Recent US Supreme Court Ruling Expands Your Rights In A Florida Criminal Case
Though you may have heard the news or read the story at ABC Local 10 News, it is important to fully understand the implications of a recent opinion from the Supreme Court of the United States (SCOTUS). In short, the court’s decision expands your constitutional right to privacy if you are charged with a crime and your activities are linked to your cell phone data. However, because of the significance of the finding in the June 22, 2018 ruling on Carpenter v. United States, you should read on for details. If you have been arrested for any type of criminal activity, you should also consult with a skilled Florida criminal defense lawyer who can tell you more about how the decision may apply to your constitutional rights.
Underlying Facts and History
After a months’ long investigation into retail theft incidents, police arrested the defendant in Carpenter on charges of robbing stores that sell wireless devices, including cell phones. A key piece of evidence that enabled law enforcement to link the man to the crimes, was his cell phone data. Telecommunications providers capture and archive location data of their customers for billing and other legitimate business purposes. By gaining access to these details, officials have a virtual trail of where a user has been and when.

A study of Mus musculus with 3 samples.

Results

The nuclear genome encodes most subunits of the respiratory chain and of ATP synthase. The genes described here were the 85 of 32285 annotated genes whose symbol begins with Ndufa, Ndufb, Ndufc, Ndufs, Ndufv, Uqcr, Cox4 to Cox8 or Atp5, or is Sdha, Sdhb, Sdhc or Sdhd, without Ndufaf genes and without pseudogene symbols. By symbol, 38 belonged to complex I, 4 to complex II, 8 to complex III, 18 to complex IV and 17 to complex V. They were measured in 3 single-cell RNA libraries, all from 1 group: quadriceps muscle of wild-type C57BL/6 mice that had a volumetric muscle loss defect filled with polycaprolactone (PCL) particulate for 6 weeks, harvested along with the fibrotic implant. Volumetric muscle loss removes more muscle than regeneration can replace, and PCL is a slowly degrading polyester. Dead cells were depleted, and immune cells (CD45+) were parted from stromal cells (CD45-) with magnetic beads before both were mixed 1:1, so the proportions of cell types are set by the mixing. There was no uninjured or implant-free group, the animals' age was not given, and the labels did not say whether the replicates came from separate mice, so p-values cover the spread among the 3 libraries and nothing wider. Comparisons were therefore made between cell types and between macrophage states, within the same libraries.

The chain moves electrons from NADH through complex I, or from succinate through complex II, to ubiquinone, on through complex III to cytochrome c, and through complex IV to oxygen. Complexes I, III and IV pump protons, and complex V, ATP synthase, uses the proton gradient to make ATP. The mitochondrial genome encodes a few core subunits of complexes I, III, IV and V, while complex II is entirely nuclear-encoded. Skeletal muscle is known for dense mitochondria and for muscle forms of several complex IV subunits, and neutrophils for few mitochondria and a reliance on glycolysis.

In addition to helping law enforcement make the arrest, the defendant’s cell phone location data was also used to convict him at trial. Though he lost on appeal, the man took the case to SCOTUS on the grounds that police should have had a warrant to search his cell phone location data.
Requirements for a Warrantless Search
Courts have traditionally held that police must have a warrant to search places where people have a reasonable expectation of privacy, such as their homes and places of business. As the privacy doctrine has developed over the years, SCOTUS justices have ruled that law enforcement would not need a warrant to search a vehicle, since there is a lesser expectation of privacy in a vehicle. Until the recent ruling, there had been limited legal precedent on whether it is reasonable to assume cell phone records are private.
The court’s finding in the Carpenter case is significant because the justices carved out a new constitutional protection more appropriate with searches in the digital age. The written opinion noted that cell phone data provides a clear view into a person’s private life, including some very intimate information. The court sided with the defendant in finding that he had a reasonable expectation of privacy, so police would need a warrant to obtain the cell phone records.
As a result of the ruling, which applies across the US, the burden is on law enforcement to obtain a warrant before accessing cell phone data.
Discuss Warrants and Your Rights with a Florida Criminal Defense Attorney
If you were arrested for a crime and you believe your constitutional rights were violated, it is essential to work with an experienced criminal defense lawyer who understands the complicated issues at stake. For more information or to schedule a consultation, please contact the Fort Lauderdale, FL offices of attorney Kevin J. Kulik.